Sendero changes its relationship to the federal risk adjustment pool
The federal government’s risk adjustment pool was once a source of financial strain on Sendero Health Plans. But after a strategic change of course this year, the same pool of federal funds became a source of revitalization for the nonprofit insurer.
The federal risk adjustment pool is a cost-sharing program designed to assist health plans that provide coverage to individuals with higher health care costs. Health insurance issuers with healthier members pay into the pool to alleviate the cost burden on issuers with sicker members.
By subsidizing insurance companies with sicker members, the program aims to reduce market incentives for avoiding enrolling sicker people.
Grappling with financial challenges for years, Sendero was on the brink of closure in September of 2018 after the Central Health Board of Managers voted to cap its funding. Faced with the prospect of losing their coverage, Sendero members spoke out at a Travis County commissioners meeting and a Central Health Board meeting that followed.
In that year, Central Health moved over 200 of its sickest patients — from its Medical Access Program (MAP) — to Sendero, aiming to stabilize the nonprofit insurer. The move allowed Sendero to reposition itself as a beneficiary of the federal risk adjustment pool.
Sendero president and CEO Wesley Durkalski told Community Impact Newspaper that the strategy has allowed Sendero to redirect the funds they would have otherwise been paying into the risk adjustment pool to the neediest members of their community.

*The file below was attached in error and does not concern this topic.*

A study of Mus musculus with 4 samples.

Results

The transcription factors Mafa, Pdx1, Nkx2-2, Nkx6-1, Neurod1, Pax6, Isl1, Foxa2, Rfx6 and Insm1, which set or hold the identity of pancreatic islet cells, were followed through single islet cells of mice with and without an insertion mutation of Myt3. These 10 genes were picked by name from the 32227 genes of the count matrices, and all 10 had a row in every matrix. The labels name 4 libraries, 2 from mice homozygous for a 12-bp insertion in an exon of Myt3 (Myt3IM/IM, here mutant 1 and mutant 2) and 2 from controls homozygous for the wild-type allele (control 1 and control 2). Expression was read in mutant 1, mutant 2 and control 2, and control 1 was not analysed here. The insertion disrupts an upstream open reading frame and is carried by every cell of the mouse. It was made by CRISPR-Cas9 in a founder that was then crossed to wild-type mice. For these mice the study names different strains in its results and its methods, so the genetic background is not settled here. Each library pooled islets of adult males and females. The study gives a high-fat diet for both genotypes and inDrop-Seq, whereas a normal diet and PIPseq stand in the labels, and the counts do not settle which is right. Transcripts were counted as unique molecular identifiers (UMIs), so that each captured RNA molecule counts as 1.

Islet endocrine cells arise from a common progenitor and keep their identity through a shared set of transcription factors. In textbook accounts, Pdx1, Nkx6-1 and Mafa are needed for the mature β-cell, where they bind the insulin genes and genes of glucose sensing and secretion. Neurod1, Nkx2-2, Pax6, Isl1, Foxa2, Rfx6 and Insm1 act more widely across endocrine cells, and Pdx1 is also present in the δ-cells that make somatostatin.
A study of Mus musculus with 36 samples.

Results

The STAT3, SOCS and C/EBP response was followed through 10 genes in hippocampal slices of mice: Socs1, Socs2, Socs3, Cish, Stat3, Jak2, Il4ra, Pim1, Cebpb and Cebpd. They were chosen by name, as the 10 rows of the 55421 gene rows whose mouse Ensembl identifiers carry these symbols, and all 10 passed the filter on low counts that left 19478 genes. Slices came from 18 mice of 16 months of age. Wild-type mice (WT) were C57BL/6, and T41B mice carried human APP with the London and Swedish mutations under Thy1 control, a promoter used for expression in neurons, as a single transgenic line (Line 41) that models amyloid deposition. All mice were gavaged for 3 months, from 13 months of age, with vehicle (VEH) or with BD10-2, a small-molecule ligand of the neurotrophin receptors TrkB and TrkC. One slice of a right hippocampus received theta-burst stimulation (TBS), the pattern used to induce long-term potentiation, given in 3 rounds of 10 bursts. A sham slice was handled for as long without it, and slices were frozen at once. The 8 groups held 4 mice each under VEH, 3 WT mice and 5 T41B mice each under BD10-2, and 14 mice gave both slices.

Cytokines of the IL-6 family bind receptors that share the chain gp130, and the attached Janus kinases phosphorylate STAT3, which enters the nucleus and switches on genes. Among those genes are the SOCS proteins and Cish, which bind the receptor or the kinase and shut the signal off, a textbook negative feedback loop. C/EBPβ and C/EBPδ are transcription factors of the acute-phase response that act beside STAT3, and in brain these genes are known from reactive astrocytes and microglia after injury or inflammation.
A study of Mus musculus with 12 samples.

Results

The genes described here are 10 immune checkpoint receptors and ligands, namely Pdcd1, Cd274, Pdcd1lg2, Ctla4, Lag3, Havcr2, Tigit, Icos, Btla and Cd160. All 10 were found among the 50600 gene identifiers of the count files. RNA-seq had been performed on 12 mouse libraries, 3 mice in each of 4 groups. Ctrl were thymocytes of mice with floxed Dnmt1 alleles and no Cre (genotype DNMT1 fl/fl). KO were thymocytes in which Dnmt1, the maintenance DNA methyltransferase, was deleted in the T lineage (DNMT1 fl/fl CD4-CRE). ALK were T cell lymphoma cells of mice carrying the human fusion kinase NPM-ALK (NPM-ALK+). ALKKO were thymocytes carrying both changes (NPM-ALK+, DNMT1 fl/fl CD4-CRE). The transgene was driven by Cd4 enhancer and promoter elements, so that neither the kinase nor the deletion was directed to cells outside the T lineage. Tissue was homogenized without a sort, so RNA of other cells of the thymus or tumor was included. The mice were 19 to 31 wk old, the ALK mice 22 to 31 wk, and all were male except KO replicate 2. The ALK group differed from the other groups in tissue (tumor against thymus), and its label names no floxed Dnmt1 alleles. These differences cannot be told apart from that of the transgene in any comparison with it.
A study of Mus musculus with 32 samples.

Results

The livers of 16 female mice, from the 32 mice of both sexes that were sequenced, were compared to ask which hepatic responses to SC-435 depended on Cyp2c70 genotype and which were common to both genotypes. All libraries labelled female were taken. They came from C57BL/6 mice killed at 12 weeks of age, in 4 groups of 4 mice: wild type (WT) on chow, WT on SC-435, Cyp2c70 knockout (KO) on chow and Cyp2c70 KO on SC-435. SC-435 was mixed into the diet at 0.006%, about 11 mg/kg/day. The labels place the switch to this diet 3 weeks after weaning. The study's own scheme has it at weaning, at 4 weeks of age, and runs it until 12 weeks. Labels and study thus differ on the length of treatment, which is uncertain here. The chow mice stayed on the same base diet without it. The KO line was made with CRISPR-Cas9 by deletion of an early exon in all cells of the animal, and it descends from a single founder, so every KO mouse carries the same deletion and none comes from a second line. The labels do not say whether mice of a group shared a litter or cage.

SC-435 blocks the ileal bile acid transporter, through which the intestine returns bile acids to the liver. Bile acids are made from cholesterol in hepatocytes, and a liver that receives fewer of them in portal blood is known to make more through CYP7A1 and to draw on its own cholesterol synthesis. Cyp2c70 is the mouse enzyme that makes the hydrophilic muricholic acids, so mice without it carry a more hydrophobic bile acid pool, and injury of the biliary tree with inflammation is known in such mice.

There was a significant amount of funding that was available to us that we had to return to the federal marketplace. … Over the years we’ve probably given back $100 million,” Durkalski said. “Working with actuaries, we figured out a way to take those funds and direct them to the sickest people in [Travis County.]”
Where the program had previously interacted with the pool solely to pay its obligatory fees, Sendero’s new members allowed the program to draw down federal funds rather pay up due to their healthy members.
Adding sick members is typically thought to be anathema to insurance companies, as sick members require costly care. But by taking on more sick members, Sendero is not just avoiding forfeiting profits to the risk adjustment pool, they are expecting to draw down those same very funds.
Under the new arrangement, Sendero covers the cost of care for the members while Central Health only has to pay their premiums.
The Statesman reported that there are some concerns coming from the Central Health board about the high cost of the medical expenses Sendero is paying for its new members, and potential cost increases going forward. Durkalski expects the enrollment of more healthy members in 2020 to backfill losses from high claims costs.
In contrast to a loss of $19 million in 2018, Sendero has pulled in $1.5 million in revenue for the first and second quarters of 2019, according to the Texas Department of Insurance Data.